Just because you’re taking a break from the booze, doesn’t mean you have to revert back to being a child by drinking milk or apple juice. As more and more drinkers look for tasty, booze-free ways to fill their dry Januarys or Monday nights, more and more bars (and even some distilleries) are coming up with creative options. Here, the best non-alcoholic drinks to satisfy your grown-up cravings. Bonus: No one will even be able to tell you aren’t drinking.
Shrubs are syrups made with vinegar combined with fresh fruits or herbs. While delicious in cocktails, shrubs were originally sipped as non-alcoholic refreshers and medicinal tonics. As early as 15th century Persia, drinking vinegars were commonly used as cures. For an incredible at-home sipper, mix up a strawberry shrub with fresh or frozen strawberries, then add lemon juice and distilled water. It’s a strawberry lemonade with a vinegar kick. Or make a grapefruit shrub (with a pinch of smoked salt), top with seltzer and a sprig of rosemary for a booze-free highball. You can also buy drinking vinegars online or at your local grocery store. Pok Pok, the much lauded Thai restaurant mini-empire from chef Andy Richter, has a full line of craft drinking vinegars with exotic flavors like tamarind, turmeric and Buddha's hand. Many craft cocktail bars also make their own shrubs in-house, so ask your local bartender for a non-alcoholic shrub-based drink if you’re out on the town during your dry spell.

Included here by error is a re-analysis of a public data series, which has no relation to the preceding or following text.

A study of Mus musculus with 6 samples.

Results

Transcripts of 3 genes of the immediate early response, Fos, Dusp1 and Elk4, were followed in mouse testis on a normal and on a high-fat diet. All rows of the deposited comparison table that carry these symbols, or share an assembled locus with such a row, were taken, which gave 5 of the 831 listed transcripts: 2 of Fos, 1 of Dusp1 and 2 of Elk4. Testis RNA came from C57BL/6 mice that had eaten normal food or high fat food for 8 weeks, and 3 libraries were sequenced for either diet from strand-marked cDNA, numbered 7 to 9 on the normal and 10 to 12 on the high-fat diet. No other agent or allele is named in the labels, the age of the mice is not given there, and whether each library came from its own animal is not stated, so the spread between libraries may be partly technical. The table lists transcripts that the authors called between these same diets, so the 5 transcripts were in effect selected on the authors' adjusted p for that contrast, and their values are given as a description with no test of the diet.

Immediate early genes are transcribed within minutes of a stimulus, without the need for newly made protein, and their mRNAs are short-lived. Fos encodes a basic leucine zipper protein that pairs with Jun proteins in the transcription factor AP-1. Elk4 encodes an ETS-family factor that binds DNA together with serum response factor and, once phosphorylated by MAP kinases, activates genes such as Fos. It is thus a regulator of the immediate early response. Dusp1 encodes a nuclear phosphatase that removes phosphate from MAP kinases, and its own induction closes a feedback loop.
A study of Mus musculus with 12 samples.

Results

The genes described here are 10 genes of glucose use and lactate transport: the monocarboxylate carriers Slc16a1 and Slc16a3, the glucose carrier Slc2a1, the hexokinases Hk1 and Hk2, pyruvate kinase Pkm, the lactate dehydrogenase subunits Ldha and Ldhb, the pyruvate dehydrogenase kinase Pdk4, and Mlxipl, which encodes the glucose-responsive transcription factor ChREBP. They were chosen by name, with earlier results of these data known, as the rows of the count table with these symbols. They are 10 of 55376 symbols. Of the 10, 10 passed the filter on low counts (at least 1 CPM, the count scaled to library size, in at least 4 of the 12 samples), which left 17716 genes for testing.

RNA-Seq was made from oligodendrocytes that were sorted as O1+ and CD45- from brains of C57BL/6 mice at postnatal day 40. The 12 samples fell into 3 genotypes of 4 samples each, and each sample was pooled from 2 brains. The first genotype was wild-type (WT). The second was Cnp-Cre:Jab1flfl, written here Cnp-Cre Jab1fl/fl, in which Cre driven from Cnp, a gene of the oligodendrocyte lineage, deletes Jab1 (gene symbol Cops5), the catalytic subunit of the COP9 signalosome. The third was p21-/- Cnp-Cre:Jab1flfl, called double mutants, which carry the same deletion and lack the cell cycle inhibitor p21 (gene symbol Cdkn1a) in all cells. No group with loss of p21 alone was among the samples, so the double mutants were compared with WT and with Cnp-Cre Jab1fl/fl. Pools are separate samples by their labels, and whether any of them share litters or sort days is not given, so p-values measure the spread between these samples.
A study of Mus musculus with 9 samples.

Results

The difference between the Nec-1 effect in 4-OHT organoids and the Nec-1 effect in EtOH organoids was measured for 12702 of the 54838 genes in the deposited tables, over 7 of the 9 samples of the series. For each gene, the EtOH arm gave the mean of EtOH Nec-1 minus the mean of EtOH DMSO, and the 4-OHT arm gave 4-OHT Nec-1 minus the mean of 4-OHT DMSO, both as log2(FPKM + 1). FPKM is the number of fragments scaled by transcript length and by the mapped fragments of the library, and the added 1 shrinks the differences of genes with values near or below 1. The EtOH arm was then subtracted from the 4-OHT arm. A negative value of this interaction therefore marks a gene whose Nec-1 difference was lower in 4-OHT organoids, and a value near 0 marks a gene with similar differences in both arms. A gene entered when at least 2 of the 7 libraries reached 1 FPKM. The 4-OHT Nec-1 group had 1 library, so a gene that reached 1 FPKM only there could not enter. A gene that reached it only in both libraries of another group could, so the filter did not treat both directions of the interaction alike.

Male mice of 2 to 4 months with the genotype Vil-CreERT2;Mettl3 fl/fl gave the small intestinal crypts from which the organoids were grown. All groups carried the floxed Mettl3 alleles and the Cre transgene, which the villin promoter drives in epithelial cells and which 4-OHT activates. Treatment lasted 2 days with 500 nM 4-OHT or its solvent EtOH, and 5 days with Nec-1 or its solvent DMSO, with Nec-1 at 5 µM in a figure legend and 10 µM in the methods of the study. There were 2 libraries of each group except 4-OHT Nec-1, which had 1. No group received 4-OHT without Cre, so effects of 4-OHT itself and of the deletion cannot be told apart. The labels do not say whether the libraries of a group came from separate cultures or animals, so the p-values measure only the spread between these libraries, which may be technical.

A good mocktail mimics the flavors and look of a cocktail, and it’s made with just as much thought and skill as your favorite boozy beverage. While essentially any cocktail recipe can be made into a mocktail (simply leave out the alcohol and add more of everything else), some drinks just don’t work. A Screwdriver, for example, would just be a glass of OJ if you left out the vodka, and drinks like the Manhattan, well, just wouldn’t exist because it’s made of 100 percent alcohol. Some classic cocktails that make for great mocktails include Planter’s Punch, Strawberry Daiquiris and Piña Coladas. Most craft cocktail bars have mocktails on their menus these days, but if your local bar doesn’t, all you have to do is ask.
Bitters and Soda
Bitters and Soda is the quintessential drink to have in your non-alcoholic beverage arsenal. Any bar can make you one—no matter how divey. All it takes is a soda gun (or a can of Seagram’s) and a few hefty dashes of Angostura bitters. You’ll look like you're drinking a cocktail, so no one at the bar will bother to question your booze-free motives (there’s nothing worse than the million questions you get when you take a break from drinking), and each drink won’t cost you more than the price of a seltzer. If you really want to go crazy, you can switch up the bitters (try orange or celery, or opt for something wild like apricot or cardamom). Or you can add fresh citrus or tropical fruit juices. One of our favorite combos is soda water with a splash of pineapple juice and a few hefty dashes of Peychaud’s bitters.
Seedlip is the world’s first non-alcoholic spirit. Made almost like gin, Seedlip starts with botanicals—like hay and fresh herbs—that are macerated in neutral spirits and water. Unlike gin, however, after distillation, the alcohol is removed. Seedlip offers two different expressions: the Garden 108, which is herbal, vivacious and grassy, and Spice, a robust drink that has notes of allspice, earth and citrus. Both offerings were designed to be used in a new breed of mocktails. Instead of building a drink around juices, sodas and herbs, Seedlip acts as the core ingredient. The spirit has enough depth and flavor that it can be used as a substitute for alcohol. With the advent of products like Seedlip, we’re not far off from being able to sip on a completely non-alcoholic Martini or Boulevardier. The “spirit” is currently available in select bars in the U.S. and both expressions are available online.